Syrian President Bashar Al-Assad, 15 April 2016
Syrian President Bashar Al-Assad, 15 April 2016

Syrian leader Bashar al-Assad accused Turkey's President Tayyip Erdogan of being the main instigator in the deadliest fighting between Armenian and Azeri forces for more than 25 years.

In an interview that is likely to exacerbate international frictions over the clashes in the South Caucasus, which entered a 10th day on Tuesday, President Assad also said militants from Syria were being deployed to the conflict area.

Turkey has denied involvement in the fighting in and around Nagorno-Karabakh, a mountain enclave that belongs to Azerbaijan under international law but is governed by ethnic Armenians, and has dismissed accusations that it sent mercenaries to the area.

But Assad told Russian news agency RIA: "He (Erdogan) … was the main instigator and the initiator of the recent conflict in Nagorno-Karabakh between Azerbaijan and Armenia."

Reiterating accusations first levelled by French President Emmanuel Macron that Turkey has sent Syrian jihadists to fight in the conflict, Assad said: "Damascus can confirm this."

Assad offered no evidence for his allegation. Ankara, which backs rebels trying to oust him, did not respond immediately but has described similar accusations as part of attempts by Armenia to create "dark propaganda" about Turkey.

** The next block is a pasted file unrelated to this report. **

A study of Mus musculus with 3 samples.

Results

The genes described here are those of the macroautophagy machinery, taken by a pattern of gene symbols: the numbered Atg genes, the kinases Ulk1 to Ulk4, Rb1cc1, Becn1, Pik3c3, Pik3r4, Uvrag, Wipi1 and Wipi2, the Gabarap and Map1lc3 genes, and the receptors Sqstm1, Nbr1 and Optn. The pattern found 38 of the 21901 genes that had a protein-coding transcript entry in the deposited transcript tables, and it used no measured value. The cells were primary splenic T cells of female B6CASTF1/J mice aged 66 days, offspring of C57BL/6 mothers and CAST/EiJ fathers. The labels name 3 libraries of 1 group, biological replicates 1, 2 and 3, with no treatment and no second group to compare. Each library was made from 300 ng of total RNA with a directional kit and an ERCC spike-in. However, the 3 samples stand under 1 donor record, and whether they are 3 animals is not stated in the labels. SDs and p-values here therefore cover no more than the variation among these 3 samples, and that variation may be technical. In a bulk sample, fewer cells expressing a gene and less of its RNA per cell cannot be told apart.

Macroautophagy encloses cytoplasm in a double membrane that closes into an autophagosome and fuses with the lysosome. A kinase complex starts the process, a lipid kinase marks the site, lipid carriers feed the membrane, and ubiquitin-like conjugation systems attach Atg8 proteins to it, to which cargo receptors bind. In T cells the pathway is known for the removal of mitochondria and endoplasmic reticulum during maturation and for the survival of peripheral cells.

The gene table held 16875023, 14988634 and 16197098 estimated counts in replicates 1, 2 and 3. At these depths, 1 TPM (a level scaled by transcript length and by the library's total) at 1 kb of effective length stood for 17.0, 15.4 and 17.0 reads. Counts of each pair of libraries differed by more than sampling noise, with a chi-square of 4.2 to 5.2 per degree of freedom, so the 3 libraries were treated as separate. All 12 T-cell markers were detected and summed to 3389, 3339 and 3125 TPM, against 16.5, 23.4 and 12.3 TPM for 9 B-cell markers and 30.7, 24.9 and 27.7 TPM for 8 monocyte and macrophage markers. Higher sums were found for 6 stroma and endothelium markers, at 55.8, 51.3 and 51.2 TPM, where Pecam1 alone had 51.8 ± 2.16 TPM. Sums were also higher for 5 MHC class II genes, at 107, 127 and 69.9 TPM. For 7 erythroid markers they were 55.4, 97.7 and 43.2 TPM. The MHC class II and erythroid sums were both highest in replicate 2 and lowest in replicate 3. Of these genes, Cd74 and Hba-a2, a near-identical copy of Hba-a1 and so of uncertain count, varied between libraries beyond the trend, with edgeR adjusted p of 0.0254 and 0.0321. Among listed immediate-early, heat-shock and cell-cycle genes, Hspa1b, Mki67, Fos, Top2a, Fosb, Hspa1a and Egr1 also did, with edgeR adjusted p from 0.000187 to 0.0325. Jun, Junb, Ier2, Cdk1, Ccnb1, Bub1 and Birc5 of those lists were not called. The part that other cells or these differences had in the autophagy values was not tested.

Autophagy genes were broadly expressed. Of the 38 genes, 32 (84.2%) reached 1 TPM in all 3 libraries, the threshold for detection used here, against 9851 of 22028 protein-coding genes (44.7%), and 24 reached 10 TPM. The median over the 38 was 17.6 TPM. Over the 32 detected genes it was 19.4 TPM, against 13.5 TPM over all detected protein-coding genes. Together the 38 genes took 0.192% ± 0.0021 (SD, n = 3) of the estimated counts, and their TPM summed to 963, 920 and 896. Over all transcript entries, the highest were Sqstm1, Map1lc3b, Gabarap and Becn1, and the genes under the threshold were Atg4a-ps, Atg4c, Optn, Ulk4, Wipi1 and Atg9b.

READ: Azerbaijan acknowledges use of Turkey drones in conflict over Nagorno-Karabakh

Almost 300 people have been reported killed in the fighting in Nagorno-Karabakh that erupted on Sept. 27, increasing concern that a wider conflict could be triggered. Turkey has strongly backed Azerbaijan, and Russia has a defence pact with Armenia.

The head of Russia's SVR Foreign Intelligence Service, Sergei Naryshkin, underlined Moscow's concerns by warning that Nagorno-Karabakh could become a launch pad for "international terrorist organisations" to enter Russia and other countries.

Naryshkin said a new war in the region was unacceptable to Moscow and that the fighting differed from previous clashes in the long-running conflict because of the much larger scale and Turkey's strong support for Azerbaijan.

The Kremlin later issued a new appeal for all sides in the conflict to halt fighting immediately.